First there were oil cartels, then banking cartels, and food and drug cartels. Now there are E-book cartels?
Most Americans are still not aware of what type of economic structure they have. However, a recent story about electronic book (E-book) distributors, of all things, may hold a more succinct definition: Cartelism.
A cartel is a “group of companies or countries which collectively attempt to affect market prices by controlling production and marketing.” They are effectively a monopoly made up of several organizations that still give the appearance of random competition.
The publishers named by the Justice Department are HarperCollins Publishers Inc, a unit of News Corp; Pearson Plc’s Penguin Group; Simon & Schuster Inc, a unit of CBS Corp; Lagardere SCA’s Hachette Book Group; and Macmillan, a unit of Verlagsgruppe Georg von Holtzbrinck.
Reuters reports that the U.S. Justice Department threatened this group of publishers and their Apple iTunes ringleader with an antitrust lawsuit over price fixing of E-books.
Contrary to popular belief about capitalism, these types of colluded monopolies cannot exist without the blessing of the government. It’s against the law for corporations to engage in this type of monopolistic behavior. However, the law is only used to extract hush money from cartels through a “settlement” so business can continue as usual.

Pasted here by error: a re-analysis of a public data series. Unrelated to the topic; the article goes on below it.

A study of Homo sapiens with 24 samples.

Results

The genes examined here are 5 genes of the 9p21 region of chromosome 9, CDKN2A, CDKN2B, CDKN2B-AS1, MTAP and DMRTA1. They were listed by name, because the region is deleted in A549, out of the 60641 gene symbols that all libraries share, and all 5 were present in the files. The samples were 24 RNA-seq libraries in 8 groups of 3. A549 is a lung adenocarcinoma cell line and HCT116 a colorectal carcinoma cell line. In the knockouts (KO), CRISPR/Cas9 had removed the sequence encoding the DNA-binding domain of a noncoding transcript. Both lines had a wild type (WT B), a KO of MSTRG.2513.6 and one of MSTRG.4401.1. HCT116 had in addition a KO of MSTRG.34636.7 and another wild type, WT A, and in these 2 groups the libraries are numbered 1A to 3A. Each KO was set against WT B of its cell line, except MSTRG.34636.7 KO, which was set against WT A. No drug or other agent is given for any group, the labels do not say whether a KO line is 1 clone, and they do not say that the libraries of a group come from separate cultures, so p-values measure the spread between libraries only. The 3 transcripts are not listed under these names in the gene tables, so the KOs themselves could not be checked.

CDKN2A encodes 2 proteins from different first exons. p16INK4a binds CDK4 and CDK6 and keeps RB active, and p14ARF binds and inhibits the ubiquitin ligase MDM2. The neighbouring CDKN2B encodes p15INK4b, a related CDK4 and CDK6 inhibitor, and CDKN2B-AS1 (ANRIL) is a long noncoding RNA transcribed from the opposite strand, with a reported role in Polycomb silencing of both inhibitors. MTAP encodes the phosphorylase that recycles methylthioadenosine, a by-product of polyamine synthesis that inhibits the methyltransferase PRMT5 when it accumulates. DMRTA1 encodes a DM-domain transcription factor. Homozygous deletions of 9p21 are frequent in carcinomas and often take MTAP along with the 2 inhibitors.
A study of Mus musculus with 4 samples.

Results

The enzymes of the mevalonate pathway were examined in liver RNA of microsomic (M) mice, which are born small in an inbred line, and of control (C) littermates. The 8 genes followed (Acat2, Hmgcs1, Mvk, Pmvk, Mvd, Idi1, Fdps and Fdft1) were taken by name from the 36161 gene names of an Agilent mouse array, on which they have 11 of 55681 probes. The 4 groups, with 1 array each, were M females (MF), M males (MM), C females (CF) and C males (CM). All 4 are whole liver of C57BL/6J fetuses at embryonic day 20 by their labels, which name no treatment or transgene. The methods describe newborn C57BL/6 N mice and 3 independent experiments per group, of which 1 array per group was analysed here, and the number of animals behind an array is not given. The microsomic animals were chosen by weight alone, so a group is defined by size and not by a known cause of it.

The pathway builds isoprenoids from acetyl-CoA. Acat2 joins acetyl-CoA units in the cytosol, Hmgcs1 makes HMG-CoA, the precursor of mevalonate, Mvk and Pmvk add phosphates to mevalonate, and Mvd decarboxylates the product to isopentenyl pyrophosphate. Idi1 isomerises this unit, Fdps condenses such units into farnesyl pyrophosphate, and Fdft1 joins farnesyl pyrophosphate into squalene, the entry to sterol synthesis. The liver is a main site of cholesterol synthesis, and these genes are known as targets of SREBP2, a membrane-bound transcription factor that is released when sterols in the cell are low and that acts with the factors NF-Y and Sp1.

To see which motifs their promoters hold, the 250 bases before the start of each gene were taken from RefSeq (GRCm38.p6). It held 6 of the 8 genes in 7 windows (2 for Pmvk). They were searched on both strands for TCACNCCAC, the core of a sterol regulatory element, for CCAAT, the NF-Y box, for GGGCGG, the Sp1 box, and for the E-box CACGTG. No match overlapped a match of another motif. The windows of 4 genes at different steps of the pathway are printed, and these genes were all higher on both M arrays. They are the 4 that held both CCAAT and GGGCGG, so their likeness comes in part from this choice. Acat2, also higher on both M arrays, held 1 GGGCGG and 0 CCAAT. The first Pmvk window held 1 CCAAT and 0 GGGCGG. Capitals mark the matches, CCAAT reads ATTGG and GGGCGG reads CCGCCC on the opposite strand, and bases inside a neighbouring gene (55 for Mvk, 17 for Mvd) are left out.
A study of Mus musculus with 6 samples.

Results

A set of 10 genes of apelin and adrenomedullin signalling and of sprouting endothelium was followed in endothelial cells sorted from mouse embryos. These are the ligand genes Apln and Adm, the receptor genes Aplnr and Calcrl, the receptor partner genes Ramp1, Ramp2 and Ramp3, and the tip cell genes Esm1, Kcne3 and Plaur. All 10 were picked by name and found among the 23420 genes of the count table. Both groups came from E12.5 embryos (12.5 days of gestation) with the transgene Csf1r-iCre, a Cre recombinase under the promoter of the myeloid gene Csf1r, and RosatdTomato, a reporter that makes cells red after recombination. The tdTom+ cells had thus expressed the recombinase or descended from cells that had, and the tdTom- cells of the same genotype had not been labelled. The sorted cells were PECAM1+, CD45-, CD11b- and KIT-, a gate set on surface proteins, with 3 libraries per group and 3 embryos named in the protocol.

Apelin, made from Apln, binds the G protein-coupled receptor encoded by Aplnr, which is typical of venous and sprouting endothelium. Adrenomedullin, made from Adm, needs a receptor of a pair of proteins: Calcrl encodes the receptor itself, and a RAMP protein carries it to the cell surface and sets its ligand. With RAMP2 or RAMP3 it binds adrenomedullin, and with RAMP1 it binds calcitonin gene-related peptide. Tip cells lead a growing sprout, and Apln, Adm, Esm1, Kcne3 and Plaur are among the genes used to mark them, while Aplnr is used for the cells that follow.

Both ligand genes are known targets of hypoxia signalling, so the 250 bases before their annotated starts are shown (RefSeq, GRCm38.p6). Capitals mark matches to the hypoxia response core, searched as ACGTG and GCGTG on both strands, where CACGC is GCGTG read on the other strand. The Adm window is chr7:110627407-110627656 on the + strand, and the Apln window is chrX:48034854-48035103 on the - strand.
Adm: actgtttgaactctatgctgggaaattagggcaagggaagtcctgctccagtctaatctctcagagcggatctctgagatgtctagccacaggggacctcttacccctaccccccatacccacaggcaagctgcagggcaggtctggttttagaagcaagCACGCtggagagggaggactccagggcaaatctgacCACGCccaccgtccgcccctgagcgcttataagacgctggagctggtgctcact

Indeed, the Wall Street Journal reports that several parties are in negotiations to settle the potential antitrust case. An anonymous publishing executive was quoted that “a settlement is being considered for pragmatic reasons but by no means are we close,” citing significant legal costs associated with the probe. “You have to consider a settlement, whether you think it’s fair or not,” the person added.
Clearly this executive knows how the game is played. It’s all about cost-benefit analysis and little fear of actual prosecution or jail time. So, the mafia will get their payoff and the cartel will be allowed to continue their plunder while still blocking any attempt of new competitors from entering the market.
Of course, E-book publishers are hardly a significant industry in terms of human necessity. Yet, this case is a perfect microcosm of how the entire economy of the Western world now works. It displays all the collusion to fix prices, squash competition, and bribe government officials that is now commonplace for what passes as “free market” capitalism.
It’s time we stop blaming capitalism for the lack of competition in all facets of the economy and start demanding that our government uphold the laws — starting with dismantling the mega-cartels that run the world.
Read other articles by Eric Blair here.